CO2 prices set to rocket five-fold

22 September 2021

The price of carbon dioxide is set to increase five-fold as the UK government pays out millions to restart production.

Environment secretary George Eustice, discussing the deal struck with US fertiliser firm CF industries, warned the price of CO2 will rise from around £200 per tonne to £1,000.

He told BBC Radio 4: "We need the market to adjust, the food industry knows there's going to be a sharp rise in the cost of carbon dioxide, probably going from something like £200 a tonne eventually up to closer to £1,000 a tonne, so a big, sharp rise."

He warned these price increases would be passed onto the industry. 

Eustice insisted increased costs for CO2 would not have a "significant impact" on food prices, but admitted food prices were increasing "due to global commodity prices, oil prices and also other factors such as labour shortages”.

CF Industries halted fertiliser production, from which CO2 is a by-product, after soaring natural gas prices meant it was no longer profitable. 

The government announced it would help fund operating costs of the firm’s Billingham plant for three weeks, costing the taxpayer "tens of millions" of pounds. 

Eustice said the move will “ensure that two critical plants that produce carbon dioxide, which is critical to our food supply chain, continue to operate. And therefore, sectors like the poultry sector, meat processes in poultry and pigs can get access to the carbon dioxide they need".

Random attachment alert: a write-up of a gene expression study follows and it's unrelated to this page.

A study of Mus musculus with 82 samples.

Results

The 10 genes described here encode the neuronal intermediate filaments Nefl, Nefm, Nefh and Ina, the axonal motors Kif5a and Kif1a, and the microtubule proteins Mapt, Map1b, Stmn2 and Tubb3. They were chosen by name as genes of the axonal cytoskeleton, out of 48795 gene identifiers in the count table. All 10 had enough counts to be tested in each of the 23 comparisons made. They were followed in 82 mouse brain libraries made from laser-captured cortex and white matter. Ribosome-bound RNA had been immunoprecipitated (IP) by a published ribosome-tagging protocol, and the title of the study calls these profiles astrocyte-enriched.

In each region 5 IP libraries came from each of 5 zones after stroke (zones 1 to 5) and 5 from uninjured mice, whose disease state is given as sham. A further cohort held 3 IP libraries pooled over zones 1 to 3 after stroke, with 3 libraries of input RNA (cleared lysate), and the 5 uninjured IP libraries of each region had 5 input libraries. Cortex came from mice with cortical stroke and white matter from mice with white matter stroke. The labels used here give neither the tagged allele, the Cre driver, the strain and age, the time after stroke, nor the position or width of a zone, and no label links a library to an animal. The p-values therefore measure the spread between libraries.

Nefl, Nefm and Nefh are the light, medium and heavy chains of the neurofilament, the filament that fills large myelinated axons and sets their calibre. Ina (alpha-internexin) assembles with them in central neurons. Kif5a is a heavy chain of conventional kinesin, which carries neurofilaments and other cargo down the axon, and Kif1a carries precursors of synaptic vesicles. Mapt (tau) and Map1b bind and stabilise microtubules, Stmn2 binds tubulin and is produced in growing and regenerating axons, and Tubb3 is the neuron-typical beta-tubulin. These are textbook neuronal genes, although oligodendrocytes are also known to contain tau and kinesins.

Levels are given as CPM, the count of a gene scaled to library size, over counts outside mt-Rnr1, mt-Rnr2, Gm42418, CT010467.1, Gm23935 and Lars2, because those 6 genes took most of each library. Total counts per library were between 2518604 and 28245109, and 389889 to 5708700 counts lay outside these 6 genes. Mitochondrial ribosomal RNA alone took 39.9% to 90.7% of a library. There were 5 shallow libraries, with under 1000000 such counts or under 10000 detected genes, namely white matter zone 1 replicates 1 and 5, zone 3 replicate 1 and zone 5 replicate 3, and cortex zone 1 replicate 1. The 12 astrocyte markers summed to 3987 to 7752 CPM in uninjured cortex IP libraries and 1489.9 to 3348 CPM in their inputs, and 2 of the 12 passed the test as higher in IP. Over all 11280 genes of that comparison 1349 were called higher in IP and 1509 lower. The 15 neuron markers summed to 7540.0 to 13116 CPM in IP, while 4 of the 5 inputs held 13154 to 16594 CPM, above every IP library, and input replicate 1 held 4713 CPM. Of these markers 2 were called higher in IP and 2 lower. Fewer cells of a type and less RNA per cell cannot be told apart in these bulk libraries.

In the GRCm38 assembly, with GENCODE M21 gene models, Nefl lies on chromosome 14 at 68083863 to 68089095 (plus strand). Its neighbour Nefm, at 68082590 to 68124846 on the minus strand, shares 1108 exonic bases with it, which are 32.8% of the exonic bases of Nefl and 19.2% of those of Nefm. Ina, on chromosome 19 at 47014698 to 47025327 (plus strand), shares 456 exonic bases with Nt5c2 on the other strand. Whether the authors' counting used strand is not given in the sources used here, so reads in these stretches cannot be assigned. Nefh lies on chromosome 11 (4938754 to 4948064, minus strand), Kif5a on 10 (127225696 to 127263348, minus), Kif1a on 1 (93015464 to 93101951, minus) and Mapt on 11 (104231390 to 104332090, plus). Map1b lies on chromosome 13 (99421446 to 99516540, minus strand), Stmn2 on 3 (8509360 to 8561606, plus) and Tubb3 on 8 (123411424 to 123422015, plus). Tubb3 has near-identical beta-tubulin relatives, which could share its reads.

He added: “If we didn't there would be a risk to our food supply chain. That's not a risk that the government is willing to take.”

Food and drink manufacturers had warned shortages would arise if the government did not take immediate action, as carbon dioxide is needed for the production of fizzy drinks and beer and for stunning livestock before slaughter.

Ian Wright, chief executive of the Food and Drink Federation, said: “If production can restart at appropriate scale before the end of the week, this should be enough to ensure pig and poultry production can continue as normal. There will be some shortages, but these will not be as bad as previously feared.”

A British Meat Processors Association spokesperson said: “If we are to return to a normal functioning of the CO2 market, there will need to be some complex discussion on how to renegotiate and restructure CO2 supply and pricing in the UK. 

“Over many years, we have had a major consolidation of the industry resulting in sectors like food and drink, nuclear and health being reliant on a very small number of very large suppliers. If a market-based solution is to be found, it will likely involve longer-term higher prices for CO2 which will be sustainable for some but not all users of the gas.” 

Meanwhile, British Steel has warned electricity prices are “spiralling out of control” with up to a 50-fold increase in quoted rates.

The International Energy Agency (IEA) has called on Russia to send more gas to Europe as prices rise to their highest levels in over a decade.

The IEA said Russia’s gas exports to Europe were down from 2019 levels, while gas storage levels in Europe are well below the five-year average.

It said: “The IEA believes that Russia could do more to increase gas availability to Europe and ensure storage is filled to adequate levels in preparation for the coming winter heating season.”